By Andria Borba

SAN FRANCISCO (KPIX) — In addition to checking your ID and bags at the ticket counter, you could soon have your COVID-19 vaccine record checked for domestic flights.

The proposal coming from Sen. Dianne Feinstein (D-California) would require travelers on U.S. flights to present either a COVID-19 vaccination record, a negative PCR test or proof they have recovered from a SARS-CoV-2 infection. As currently written, these checks wouldn’t be administered by federal authorities but by airline agents.

“It does require that all of the attestation to be done by the airline and for the airline to provide confirmation of it,” says Marc Casto, president of Leisure Americas for Flight Centre Travel Group.

A Gallup study from April suggests that six out of ten Americans favor a vaccine mandate for U.S. air travel.

Prof. Dorit Reiss from UC Hastings specializes in vaccine law and says this proposal stands on very solid legal ground because it provides off-ramps for the unvaccinated.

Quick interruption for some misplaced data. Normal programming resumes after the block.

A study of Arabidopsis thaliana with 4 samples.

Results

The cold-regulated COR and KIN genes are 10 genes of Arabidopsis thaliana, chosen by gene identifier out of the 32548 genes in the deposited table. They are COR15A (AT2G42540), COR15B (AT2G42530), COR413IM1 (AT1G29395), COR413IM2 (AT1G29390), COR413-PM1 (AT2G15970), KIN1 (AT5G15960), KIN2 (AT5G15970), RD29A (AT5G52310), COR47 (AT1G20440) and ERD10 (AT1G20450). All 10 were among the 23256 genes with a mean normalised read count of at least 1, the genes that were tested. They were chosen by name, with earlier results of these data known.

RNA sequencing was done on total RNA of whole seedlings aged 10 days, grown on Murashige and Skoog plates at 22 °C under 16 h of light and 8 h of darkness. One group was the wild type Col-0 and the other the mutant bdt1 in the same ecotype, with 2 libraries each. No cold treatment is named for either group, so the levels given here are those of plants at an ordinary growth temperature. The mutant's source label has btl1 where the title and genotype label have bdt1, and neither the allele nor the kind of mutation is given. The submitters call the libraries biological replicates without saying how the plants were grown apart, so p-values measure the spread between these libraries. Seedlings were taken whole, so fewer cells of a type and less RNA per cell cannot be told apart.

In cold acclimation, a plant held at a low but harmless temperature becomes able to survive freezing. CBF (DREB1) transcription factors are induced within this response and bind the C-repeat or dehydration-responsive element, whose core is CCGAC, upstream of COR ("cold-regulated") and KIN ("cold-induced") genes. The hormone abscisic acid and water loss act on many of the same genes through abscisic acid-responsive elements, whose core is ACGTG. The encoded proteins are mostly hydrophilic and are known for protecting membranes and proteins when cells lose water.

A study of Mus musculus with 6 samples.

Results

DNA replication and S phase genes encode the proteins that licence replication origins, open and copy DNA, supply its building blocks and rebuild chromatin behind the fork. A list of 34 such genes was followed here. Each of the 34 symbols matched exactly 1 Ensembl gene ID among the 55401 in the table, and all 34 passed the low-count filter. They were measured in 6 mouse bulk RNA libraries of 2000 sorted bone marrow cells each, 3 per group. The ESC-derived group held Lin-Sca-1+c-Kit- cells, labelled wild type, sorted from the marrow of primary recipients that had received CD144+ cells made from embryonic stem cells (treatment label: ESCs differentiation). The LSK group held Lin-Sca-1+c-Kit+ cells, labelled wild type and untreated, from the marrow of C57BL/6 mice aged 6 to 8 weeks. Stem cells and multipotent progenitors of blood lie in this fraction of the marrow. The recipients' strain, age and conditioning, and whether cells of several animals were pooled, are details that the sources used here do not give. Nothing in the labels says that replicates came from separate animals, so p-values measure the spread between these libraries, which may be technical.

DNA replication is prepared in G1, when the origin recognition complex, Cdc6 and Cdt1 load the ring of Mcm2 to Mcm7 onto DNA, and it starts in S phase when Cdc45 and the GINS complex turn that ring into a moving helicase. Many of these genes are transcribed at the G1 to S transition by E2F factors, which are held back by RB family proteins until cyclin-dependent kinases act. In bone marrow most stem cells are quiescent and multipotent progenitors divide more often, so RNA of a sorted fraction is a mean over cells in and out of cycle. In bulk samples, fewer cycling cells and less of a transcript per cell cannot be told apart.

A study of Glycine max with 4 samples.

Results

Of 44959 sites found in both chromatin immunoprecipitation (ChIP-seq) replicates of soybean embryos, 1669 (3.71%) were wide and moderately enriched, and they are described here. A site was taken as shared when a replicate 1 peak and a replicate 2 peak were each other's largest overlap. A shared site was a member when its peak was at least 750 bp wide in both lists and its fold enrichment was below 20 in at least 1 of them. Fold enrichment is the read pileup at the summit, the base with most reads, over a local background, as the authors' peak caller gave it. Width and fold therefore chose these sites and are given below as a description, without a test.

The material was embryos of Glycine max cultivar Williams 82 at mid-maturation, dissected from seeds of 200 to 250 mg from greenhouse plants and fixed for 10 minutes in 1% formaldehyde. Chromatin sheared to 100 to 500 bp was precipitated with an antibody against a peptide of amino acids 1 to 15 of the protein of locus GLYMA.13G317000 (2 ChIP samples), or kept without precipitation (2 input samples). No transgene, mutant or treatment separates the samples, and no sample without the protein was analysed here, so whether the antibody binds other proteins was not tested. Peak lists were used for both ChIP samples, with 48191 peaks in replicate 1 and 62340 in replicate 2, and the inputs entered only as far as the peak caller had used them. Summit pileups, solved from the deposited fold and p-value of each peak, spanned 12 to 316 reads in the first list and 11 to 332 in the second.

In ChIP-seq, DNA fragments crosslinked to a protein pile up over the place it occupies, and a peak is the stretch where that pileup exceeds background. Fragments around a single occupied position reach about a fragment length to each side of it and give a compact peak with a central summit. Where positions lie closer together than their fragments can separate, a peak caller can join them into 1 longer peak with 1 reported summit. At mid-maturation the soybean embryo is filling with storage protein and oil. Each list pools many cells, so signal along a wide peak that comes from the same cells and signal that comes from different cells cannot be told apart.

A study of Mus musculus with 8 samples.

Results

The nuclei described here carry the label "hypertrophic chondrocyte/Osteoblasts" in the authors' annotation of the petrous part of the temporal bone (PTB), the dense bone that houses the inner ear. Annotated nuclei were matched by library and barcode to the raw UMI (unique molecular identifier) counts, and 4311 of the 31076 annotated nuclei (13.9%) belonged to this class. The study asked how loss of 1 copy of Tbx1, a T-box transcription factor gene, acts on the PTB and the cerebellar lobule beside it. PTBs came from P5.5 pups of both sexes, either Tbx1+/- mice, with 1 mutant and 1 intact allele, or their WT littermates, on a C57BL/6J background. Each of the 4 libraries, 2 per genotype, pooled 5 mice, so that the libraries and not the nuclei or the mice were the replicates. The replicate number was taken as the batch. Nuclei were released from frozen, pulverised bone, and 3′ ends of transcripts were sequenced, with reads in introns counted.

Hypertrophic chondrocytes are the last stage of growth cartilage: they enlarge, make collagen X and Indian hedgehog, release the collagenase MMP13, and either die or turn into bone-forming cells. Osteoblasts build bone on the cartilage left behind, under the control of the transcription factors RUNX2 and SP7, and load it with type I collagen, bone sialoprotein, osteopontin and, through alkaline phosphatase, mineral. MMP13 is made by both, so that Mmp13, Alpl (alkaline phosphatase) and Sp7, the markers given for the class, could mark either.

“One of the challenges might be you need to include a religious exemption for those who oppose a COVID-19 vaccine. I don’t think that will fly and here’s why: it has a general exception. People can provide a negative test instead. So people with religious objections to vaccination can instead go and get a negative PCR test. So there’s already an exemption built in,” Reiss said.

KPIX asked some travelers at SFO what they think about the proposed law.

“Now you’re packed right next to someone. I don’t want to drink on the plane, I don’t want to eat on the plane. I’m not taking my mask off, I would feel much more comfortable knowing someone else is vaccinated,” said Megan Barton, a nurse practitioner.

“It’s just science. Let’s go with science people,” said traveler Kat Lake.